Naturals and Needlefelting

I mentioned that we have tried out lots of different fibres at the well being centre lately, and the other week we tried out lots of different wool breeds too. We’ve used naturals before, but mostly for pods/vessels and lots together for hangings etc, but we made samples to get a better idea of what we could use each type for. Since I have more experience, I thought I’d use Herdwick and Lincoln tops. I used some flax and help tops with the Herdwick sample:

OLYMPUS DIGITAL CAMERAWith the Lincoln I used Soy tops and Black viscose tops:

OLYMPUS DIGITAL CAMERAThis is a close up of the Soy:

OLYMPUS DIGITAL CAMERAAnd a close up of the Viscose:

OLYMPUS DIGITAL CAMERAAnd this is what the back looked like:

OLYMPUS DIGITAL CAMERASome of the others tried Texel, and had a hard time getting it felted. After the Botany laps unfeltable tops I had, I was a bit concerned. I’ve taken some wools from ‘Goody Bags’ and Botany lap waste in before now, so worried there might have been other unfeltables that got mixed up. My sample turned out alright though. I used some Viscose and Bamboo staple fibre on it:

OLYMPUS DIGITAL CAMERAIt did get me wondering how much we automatically alter our techniques when using different wool breeds or mixes etc. I always think I felt the same no matter what I use or make, but maybe there’s a slight difference in pressure, or maybe it’s a matter of just felting longer, I honestly don’t know, but I’m going to be more conscious of what I do from now on!
We thought we’d have a go at needle felting before the holidays, so I made a little sample while testing out some fibres:

OLYMPUS DIGITAL CAMERAI didn’t get a photo of anyone else’s, and I don’t often do ‘figurative’ needle felting, it’s usually very abstract, which is why my sheep needs a bit more work! The body is alright though, I used some locks Zara sent me 🙂

OLYMPUS DIGITAL CAMERAAnd that light green bit is a bush, not a weird tail!


  1. Lyn says:

    Your naturals abstract is worthy of framing – it’s gorgeous!
    Sheepie is cute and doesn’t need much more work and I didn’t think the bush looked like a tail. I always like the countryside colours.

    • zedster66 says:

      Thanks, Lyn 🙂
      I’m bad enough at copying with a reference pic, so without one, it was more like cat-parrot in sheep’s clothing!

  2. Great samples Zed. You must have magic felting powers. I found that the “nonfelting” wool make spongy felt and don’t really shrink even when felted well. Did yours shrink much? This is useful wool to make nice insoles for your boots. I like your alien sample and your sheep must have moved while you were doing his portrait, not your felt for his blurry face at all. LOL

    • zedster66 says:

      Thanks, Ann 🙂
      I actually meant really non-felting, like those ‘superwash’ type samples I made. I like the spongey wools, though this Texel isn’t as spongey as some. I didn’t keep track of the shrinkage really, but yeah, they’re always somewhere between spongey and loose when felted hard. I just wanted to make sure it did felt.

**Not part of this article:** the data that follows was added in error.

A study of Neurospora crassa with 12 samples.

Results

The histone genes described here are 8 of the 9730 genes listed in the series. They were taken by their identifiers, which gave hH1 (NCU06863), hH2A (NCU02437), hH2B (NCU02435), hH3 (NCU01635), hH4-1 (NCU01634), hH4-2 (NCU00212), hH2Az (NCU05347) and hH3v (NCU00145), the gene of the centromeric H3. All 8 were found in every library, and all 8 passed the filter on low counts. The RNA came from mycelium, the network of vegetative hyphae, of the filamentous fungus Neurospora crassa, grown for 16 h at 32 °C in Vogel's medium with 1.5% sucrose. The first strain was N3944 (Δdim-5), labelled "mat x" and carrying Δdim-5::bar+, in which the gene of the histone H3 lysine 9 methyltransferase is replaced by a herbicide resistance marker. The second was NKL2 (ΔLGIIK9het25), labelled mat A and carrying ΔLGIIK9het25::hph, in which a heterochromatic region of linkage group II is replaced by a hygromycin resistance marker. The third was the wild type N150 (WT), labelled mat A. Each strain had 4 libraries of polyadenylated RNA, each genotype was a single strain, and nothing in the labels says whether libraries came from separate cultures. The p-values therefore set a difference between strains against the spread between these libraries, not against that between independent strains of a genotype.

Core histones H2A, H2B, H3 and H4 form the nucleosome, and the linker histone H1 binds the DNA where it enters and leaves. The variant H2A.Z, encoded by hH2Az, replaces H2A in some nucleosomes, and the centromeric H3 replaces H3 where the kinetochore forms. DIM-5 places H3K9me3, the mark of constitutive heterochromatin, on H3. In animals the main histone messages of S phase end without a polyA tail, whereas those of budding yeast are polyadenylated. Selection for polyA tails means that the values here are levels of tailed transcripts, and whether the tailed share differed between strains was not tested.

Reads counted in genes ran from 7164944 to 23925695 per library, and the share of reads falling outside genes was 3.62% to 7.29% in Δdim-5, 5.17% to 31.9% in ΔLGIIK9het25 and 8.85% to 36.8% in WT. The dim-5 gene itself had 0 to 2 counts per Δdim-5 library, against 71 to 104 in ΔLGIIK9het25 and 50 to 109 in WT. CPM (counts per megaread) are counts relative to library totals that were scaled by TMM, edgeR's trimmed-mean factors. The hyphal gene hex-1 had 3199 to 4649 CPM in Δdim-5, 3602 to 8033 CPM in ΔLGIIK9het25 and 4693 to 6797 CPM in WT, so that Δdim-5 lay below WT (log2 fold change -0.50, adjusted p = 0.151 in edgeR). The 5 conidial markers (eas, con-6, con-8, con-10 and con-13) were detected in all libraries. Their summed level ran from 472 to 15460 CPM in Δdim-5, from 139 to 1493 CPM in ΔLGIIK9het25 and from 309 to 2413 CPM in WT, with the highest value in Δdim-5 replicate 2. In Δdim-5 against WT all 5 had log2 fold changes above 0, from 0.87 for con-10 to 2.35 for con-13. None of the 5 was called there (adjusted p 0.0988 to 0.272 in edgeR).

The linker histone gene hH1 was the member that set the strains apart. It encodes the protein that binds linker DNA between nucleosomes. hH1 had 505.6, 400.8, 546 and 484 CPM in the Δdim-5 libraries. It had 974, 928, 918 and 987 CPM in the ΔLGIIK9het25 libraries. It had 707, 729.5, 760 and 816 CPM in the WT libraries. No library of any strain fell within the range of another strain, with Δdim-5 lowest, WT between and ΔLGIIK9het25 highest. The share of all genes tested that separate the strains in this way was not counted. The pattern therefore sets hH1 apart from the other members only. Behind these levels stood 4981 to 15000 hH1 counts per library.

3. I always like the use of viscose , silk or bamboe through the wool, it gives some shine and it doesn’t look so flat. You could use a soap for the sheep, i don’t know how great the piece is. People like a picture on their soaps.

    • zedster66 says:

      Yeah, me too, I love embellishment fibres 🙂 The sheep piece is really thick, I’ve wondered how people get such pictures on soap.

  4. Marilyn aka Pandagirl says:

    I agree with Lyn about the abstract piece. It’s beautiful. It’s always good to see your samples to have an idea if I want to try a new breed.

    • zedster66 says:

      Thanks, Marilyn 🙂
      We’d been talking about lampshades and slippers, so instead of saying ‘I think you should use this’, I thought it’d be good to do samples for everyone to see/feel differences.

  5. ruthlane says:

    Nice to see the various samples Zed. I do think that with experience, you change your approach with wool breeds that aren’t what you normally use. I think it is because you can feel the difference and know that you need more gentle rubbing (or whatever) before proceeding to more pressure and fulling. Newer felt makers aren’t used to how it feels and just progress from step to step by rote. Then they end up with issues because they started too soon with more pressure (or whatever). I lo e the abstract piece and your sheep is adorable. 🙂

    • zedster66 says:

      Thanks, Ruth 🙂
      I wondered if there was a change we subconsciously feel in our fingers/hands to know when different ones are felted. When people ask ‘how do you we know it’s felted?’ I mention the pinch test, but otherwise never use it. I’ve noticed a couple of times issues with layers not felting, similar to my ‘superwash’ botany lap samples, so maybe it’s time for a refresher day or something, with more instruction rather than just ‘exploration’.

  6. I think pictures on a soap are needle-felted first and than attached to the almost felted soap. The finishing touch must felt them together.